Re: Manitoba trucker speaks about role in aftermath of grisly Greyhound killingSep 5th, 2008
So what gives them the right to decide to give your brother a $160 dollar fine for speeding but not put your dad in jail for the mandatory 5 years owning a prohibited weapon legally requires?
Secondly, this was prior to 1995 when additional rules applied to firearms.
A little tid bit of the laws history:
www.guncontrol.ca/English/Home/Law/maw.pdf (external - login to view) Pg.2 of 4
"Canadian Legislative History
^ Considderin he had these WWII firearms in his collection for years and this situation occured prior to 1995, and that they didn't work.... he was covered and technically they would have had a difficult time trying to make charges stick.
"..... Prohibited weapons (with “grandfather” clause) came into force July 27, 1992 (Registration deadline October 1, 1992): Three assault pistols and one carbine became prohibited. Existing owners were allowed to retain firearms they owned on the date of the coming into force. These were to be registered as “restricted weapons”. Once existing owners die or dispose of the weapons, they revert to prohibited weapons status and must be deactivated or disposed of."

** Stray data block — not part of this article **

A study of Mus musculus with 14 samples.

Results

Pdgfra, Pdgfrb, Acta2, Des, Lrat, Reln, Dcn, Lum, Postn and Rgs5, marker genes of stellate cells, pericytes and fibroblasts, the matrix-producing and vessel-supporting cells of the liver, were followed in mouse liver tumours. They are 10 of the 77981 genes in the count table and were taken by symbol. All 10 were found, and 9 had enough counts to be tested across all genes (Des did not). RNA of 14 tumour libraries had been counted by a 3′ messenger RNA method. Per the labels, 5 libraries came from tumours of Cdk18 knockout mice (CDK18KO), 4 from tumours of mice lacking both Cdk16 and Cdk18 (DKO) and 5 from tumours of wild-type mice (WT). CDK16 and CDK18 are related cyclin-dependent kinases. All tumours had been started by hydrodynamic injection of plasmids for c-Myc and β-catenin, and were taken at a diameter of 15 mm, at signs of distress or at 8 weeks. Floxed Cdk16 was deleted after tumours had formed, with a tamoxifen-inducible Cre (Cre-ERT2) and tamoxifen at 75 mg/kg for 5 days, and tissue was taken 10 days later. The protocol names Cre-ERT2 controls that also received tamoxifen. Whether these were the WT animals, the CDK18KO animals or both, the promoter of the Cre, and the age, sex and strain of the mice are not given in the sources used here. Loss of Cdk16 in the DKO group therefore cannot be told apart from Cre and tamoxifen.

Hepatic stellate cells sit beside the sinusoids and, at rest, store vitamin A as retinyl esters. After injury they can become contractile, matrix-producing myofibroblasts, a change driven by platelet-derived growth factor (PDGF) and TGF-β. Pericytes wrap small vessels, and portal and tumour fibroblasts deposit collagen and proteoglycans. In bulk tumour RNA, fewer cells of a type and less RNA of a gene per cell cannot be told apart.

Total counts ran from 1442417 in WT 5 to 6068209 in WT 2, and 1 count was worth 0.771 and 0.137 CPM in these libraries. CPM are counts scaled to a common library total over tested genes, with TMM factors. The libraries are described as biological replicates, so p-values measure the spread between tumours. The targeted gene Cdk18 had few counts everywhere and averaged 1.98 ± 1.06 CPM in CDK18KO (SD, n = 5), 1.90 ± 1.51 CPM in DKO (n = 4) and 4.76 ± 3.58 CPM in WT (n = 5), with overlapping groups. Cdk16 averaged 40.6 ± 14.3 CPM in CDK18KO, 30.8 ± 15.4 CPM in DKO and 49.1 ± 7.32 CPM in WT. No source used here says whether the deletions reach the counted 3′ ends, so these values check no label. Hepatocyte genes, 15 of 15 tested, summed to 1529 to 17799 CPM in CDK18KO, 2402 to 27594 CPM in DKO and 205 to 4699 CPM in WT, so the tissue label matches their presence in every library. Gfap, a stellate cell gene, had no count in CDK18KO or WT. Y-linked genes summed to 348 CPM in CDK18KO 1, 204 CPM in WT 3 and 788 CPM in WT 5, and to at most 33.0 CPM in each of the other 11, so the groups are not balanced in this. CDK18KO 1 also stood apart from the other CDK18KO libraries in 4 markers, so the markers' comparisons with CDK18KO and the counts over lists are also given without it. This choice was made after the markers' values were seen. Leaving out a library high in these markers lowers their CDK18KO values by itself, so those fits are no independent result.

He didn't die, and the weapons were deactivated, so I don't see where you stand on telling me he should have been locked up for 5 years.
Now that I remember, an additional reason why he got rid of them was due to the cost of the gun registry which was coming into effect shortly afterwards.... he didn't believe in the concept, didn't want to pay for it, so he got rid of them.
"...... Prohibited weapons (without “grandfather” clause) effective October 1, 1992: A list of “assault pistols”, “combat shotguns” .50 calibre sniper rifles and other military-type firearms were classified as prohibited weapons. There was no retention allowed of these weapons after October 1, 1992; they had to be disposed of, surrounded or deactivated by that date."
^ The Sten MKII as seen below:
and the Bren Gun as seen below:
Did not fall under this category. That and it was prior to 1992.
Perhaps this clarifies to you why he didn't get thrown into jail. He was a well know collector of WWII equipment, medals, uniforms and weapons, the weapons were disabled and not able to be used..... there was no position of being charged.
The RCMP's reactions were a first reaction, believing they were fully functioning and suggested to him to get rid of them. The laws coming in in the following years also had a factor of him getting rid of them.